Electricity use in Tulsa is near record levels. Tuesday was the second highest peak demand for power ever at PSO. Spokesman Stan Whiteford says there are a couple of good reasons to try and conserve electricity, it reduces strain on the system and it keeps bills lower.
He says air-conditioning is the thing that accounts for the most energy use, so it’s good to make sure air filters are clean to help keep costs down.
OKLAHOMA CITY (AP) — Gov. Mary Fallin says the state has reached an agreement with Public Service Company of Oklahoma and the Environmental Protection Agency on federal air quality rules for PSO's two coal-fired power plants in Oologah.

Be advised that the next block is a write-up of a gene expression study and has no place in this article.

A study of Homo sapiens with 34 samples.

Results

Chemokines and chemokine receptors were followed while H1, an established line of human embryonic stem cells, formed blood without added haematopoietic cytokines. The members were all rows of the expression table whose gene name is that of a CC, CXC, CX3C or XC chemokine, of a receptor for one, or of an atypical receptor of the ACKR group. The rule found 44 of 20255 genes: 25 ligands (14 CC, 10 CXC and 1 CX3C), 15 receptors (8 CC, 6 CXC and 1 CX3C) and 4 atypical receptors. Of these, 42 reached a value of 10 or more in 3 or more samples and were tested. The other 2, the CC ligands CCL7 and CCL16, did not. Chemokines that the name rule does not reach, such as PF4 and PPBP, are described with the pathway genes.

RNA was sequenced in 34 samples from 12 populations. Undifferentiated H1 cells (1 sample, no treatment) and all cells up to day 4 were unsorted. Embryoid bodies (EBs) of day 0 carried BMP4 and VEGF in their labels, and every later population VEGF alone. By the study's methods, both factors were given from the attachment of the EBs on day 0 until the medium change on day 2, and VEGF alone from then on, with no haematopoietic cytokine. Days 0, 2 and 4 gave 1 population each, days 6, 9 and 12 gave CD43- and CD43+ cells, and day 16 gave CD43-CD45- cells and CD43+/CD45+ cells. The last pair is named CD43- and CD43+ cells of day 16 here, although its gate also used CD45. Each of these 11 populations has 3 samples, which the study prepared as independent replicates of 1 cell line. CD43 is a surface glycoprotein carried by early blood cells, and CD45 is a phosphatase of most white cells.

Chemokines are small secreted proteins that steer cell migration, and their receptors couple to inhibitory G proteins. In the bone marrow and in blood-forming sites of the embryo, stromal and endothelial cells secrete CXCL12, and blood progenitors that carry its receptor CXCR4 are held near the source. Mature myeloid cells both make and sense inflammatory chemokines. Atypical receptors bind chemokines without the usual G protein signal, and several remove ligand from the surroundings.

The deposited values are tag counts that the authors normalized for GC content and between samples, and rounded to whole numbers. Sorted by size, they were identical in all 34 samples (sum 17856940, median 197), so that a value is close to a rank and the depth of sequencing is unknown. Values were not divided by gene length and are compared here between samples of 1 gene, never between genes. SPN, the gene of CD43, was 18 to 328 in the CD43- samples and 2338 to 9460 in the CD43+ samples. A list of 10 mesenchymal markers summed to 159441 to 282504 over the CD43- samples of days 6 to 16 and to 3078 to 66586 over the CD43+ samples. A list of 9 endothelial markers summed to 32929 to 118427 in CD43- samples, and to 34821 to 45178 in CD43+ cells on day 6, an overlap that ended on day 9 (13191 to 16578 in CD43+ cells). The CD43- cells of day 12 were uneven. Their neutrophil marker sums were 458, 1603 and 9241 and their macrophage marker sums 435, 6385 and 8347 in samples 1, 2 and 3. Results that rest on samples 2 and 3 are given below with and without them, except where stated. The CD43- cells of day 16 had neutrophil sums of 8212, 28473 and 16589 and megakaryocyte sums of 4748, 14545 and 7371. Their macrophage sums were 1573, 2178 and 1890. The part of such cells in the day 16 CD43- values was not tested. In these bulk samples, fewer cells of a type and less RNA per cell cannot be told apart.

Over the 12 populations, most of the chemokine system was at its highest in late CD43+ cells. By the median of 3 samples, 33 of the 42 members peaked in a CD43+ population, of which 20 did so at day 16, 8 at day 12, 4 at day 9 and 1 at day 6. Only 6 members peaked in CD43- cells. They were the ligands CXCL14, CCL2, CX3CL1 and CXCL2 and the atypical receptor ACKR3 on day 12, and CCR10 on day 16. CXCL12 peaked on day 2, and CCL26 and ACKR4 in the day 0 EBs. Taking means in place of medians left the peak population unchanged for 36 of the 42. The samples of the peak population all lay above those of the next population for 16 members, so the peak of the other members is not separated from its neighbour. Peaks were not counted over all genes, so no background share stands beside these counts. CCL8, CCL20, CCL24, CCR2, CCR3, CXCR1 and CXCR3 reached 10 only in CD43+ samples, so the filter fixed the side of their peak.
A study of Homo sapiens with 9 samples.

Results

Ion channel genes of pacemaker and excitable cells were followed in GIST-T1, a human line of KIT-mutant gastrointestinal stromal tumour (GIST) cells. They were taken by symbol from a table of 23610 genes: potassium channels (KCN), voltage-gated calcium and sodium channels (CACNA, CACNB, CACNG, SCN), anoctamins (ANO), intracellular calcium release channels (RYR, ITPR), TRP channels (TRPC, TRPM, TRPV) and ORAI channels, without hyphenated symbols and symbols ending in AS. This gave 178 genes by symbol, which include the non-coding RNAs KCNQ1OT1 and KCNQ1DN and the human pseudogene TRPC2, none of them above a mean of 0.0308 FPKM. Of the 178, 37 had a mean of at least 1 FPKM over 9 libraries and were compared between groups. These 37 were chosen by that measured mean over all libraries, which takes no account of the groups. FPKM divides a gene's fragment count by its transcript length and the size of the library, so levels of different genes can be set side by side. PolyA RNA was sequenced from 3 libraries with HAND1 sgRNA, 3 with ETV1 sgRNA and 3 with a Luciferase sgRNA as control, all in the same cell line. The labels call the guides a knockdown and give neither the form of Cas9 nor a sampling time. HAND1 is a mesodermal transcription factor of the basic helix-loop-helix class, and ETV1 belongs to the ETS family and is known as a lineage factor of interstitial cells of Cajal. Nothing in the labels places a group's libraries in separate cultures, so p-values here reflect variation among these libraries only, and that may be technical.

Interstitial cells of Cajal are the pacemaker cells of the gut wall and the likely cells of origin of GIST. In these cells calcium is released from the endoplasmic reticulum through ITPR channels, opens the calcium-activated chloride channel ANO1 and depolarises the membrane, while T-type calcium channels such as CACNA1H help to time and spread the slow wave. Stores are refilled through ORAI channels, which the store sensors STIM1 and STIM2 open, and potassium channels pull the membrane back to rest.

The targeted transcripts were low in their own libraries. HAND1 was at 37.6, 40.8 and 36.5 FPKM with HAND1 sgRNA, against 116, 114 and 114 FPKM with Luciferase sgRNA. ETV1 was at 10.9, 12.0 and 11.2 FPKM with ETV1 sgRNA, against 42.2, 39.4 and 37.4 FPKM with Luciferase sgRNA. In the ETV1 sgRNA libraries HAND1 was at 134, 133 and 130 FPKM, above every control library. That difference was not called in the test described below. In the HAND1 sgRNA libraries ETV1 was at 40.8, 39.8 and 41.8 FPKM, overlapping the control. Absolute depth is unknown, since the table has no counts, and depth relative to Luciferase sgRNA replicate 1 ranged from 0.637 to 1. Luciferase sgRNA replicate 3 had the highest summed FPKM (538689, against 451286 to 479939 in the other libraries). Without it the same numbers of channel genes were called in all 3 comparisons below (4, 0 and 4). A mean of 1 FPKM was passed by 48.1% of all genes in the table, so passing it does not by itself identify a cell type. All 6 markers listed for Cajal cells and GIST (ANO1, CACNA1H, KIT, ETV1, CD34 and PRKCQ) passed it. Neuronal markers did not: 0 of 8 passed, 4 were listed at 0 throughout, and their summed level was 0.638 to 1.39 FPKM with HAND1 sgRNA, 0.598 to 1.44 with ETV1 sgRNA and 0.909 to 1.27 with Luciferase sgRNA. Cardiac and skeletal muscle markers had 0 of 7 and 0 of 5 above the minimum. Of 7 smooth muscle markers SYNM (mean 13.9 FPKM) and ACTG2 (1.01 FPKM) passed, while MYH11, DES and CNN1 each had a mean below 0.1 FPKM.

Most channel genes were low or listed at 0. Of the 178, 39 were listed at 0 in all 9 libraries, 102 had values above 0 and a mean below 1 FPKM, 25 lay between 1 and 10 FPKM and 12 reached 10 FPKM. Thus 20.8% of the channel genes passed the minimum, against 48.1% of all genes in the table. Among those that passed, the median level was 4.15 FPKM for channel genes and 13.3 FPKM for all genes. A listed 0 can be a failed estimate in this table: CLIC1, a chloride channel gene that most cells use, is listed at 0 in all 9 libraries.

The Attorney General's Office sued the EPA in May to allow more time for the state to craft a solution. The agreement allows PSO to comply with EPA rules while protecting Oklahoma consumers and ratepayers.
The power is back on in far east Tulsa. This after straight line winds toppled and snapped power poles along 129th East Avenue between 41 and 51st Streets.
The outage impacted about 700 Public Service Company customers. Crews from PSO, Cox Communications and the phone company were quick to respond with new poles and restored the service in just a couple of hours.
The lines went down when the leading edge of the storm moved through that part of Tulsa.
Strong winds this afternoon caused scattered power outages in the Tulsa area. At one point, several thousand PSO customers lost power. There were reports of lines down in the area of 36th & Hudson, causing nearly a thousand people to lose electricity. A feeder line knocked out power to another thousand homes and businesses in Northwest Tulsa. In all, more than four thousand homes and businesses, including St. John Hospital briefly, lost power.